April 7, 2006
Director of Media Relations
AMHERST, Mass.—Elizabeth Kuperberg ’07 of Swarthmore, Penn., a junior at Amherst College, will receive a Barry M. Goldwater Scholarship for study next year. Only 309 scholarships were awarded to undergraduate sophomores and juniors in the United States this year. Kuperberg is the daughter of Mark Kuperberg and Susan Wright of Swarthmore, Penn.
Kuperberg, a junior majoring in biology at Amherst, plans to become a biology professor, concentrating on evolution or ecology. She has been active in the Amherst Equestrian Club, Anime Club and the Massachusetts Public Interest Research Group. She wrote for the student newspaper, The Amherst Student, and The Indicator, a magazine.
The Goldwater Scholarship and Excellence in Education Program was authorized by the U.S. Congress in 1986. Students are nominated by faculty members, and awards are made on the basis of academic merit to outstanding sophomores and juniors who plan to pursue careers in science, mathematics or engineering. Each scholarship covers expenses for tuition, fees, books, room and board, for as much as $7,500 annually.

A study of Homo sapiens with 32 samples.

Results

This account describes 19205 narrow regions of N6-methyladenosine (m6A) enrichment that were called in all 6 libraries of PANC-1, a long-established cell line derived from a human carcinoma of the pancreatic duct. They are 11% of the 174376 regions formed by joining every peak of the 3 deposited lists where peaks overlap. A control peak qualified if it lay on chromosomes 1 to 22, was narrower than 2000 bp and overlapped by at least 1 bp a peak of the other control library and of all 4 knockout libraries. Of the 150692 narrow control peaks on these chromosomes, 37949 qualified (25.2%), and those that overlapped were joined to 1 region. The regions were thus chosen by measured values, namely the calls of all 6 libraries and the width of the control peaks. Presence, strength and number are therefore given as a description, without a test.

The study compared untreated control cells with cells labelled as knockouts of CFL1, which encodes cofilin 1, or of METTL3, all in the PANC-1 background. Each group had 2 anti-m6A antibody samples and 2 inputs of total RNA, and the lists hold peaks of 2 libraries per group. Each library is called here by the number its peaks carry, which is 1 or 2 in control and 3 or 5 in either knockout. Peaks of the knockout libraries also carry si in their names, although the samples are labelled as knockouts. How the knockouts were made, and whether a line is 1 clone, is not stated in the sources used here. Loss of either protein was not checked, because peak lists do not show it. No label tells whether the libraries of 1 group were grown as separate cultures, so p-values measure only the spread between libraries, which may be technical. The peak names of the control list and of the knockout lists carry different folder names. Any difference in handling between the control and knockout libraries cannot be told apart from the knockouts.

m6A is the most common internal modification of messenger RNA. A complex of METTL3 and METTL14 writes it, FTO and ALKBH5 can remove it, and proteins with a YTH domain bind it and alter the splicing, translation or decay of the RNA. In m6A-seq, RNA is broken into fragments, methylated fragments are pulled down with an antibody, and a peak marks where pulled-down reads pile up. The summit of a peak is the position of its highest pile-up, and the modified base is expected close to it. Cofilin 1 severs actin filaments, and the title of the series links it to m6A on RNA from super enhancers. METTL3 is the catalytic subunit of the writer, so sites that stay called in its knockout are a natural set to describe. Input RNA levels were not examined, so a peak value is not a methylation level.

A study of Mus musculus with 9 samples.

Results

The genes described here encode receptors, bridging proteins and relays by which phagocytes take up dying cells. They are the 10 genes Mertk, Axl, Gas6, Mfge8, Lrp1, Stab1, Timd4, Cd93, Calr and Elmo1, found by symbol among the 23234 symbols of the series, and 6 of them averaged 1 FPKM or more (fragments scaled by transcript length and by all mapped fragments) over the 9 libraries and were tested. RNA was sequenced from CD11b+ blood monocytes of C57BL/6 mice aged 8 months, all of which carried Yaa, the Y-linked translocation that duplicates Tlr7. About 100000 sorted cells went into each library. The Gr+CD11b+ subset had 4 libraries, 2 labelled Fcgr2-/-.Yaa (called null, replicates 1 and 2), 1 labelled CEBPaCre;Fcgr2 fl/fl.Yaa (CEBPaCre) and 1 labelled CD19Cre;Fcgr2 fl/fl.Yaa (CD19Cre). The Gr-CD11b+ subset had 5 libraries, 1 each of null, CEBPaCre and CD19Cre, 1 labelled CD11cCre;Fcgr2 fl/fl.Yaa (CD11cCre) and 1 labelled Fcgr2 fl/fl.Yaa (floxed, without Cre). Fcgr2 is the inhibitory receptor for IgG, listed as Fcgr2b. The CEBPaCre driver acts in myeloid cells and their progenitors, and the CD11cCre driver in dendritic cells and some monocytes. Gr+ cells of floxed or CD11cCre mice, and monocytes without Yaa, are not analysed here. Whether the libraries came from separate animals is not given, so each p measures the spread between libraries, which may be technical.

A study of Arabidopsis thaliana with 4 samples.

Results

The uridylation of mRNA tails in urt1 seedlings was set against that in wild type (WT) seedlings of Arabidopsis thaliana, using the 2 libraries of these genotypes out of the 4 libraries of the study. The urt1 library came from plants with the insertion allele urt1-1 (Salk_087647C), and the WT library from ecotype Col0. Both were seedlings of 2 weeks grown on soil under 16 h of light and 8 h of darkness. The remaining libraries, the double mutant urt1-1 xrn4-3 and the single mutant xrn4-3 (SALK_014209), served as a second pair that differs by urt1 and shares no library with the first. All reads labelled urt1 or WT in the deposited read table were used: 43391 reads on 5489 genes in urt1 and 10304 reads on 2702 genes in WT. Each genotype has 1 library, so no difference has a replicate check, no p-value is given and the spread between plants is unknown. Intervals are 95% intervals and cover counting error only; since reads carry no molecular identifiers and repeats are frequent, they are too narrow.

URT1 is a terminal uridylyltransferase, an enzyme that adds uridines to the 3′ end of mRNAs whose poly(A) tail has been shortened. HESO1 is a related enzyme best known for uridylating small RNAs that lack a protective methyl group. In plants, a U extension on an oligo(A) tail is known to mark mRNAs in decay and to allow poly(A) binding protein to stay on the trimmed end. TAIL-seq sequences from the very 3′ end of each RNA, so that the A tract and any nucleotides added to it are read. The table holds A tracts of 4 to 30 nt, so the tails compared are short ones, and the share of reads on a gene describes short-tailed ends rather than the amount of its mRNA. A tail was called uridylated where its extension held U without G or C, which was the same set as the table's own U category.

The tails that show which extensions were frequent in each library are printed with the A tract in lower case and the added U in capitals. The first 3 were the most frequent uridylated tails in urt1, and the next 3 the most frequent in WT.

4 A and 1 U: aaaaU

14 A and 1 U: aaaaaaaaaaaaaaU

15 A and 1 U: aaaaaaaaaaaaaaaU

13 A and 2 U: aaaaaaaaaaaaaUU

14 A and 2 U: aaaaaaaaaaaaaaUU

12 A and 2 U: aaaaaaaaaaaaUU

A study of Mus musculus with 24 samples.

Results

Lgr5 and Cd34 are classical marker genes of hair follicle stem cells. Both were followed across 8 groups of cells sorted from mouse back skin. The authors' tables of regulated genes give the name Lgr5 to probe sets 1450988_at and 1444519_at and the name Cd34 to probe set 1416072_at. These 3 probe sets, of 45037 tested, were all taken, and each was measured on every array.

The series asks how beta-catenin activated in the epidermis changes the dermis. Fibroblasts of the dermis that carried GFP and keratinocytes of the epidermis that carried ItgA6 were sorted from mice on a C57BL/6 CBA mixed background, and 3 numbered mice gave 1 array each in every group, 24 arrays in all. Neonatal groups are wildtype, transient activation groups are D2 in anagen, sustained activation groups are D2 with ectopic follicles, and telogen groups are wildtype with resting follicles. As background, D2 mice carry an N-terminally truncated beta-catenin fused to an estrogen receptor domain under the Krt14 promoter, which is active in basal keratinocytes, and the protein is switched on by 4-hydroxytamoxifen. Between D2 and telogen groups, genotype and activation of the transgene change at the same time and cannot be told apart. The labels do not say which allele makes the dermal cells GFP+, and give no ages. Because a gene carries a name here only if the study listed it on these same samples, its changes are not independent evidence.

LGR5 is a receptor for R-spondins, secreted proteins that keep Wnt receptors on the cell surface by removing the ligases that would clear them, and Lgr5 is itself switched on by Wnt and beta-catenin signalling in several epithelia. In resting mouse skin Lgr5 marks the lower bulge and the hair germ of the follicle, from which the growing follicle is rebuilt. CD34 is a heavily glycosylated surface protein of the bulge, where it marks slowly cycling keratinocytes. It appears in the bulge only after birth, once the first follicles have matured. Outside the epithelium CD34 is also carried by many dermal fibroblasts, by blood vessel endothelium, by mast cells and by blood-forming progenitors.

Founded in 1821 for “the education of indigent young men of piety and talents,” Amherst College is now widely regarded as the premier liberal arts college in the nation, enrolling a diverse group of approximately 1,600 young men and women. Well known for its academic excellence, Amherst is also consistently ranked among the very best schools in the country in terms of accessibility: The college’s financial aid packages are consistently the most generous in the U.S., and among its peer universities and colleges Amherst has the greatest economic diversity. Diversity, in its broadest sense, is fundamental to Amherst’s mission. The college enrolls students from every state and more than 40 countries, and for the past several years more than 35 percent of Amherst’s students have been students of color. Amherst offers the B.A. degree in 33 fields of study.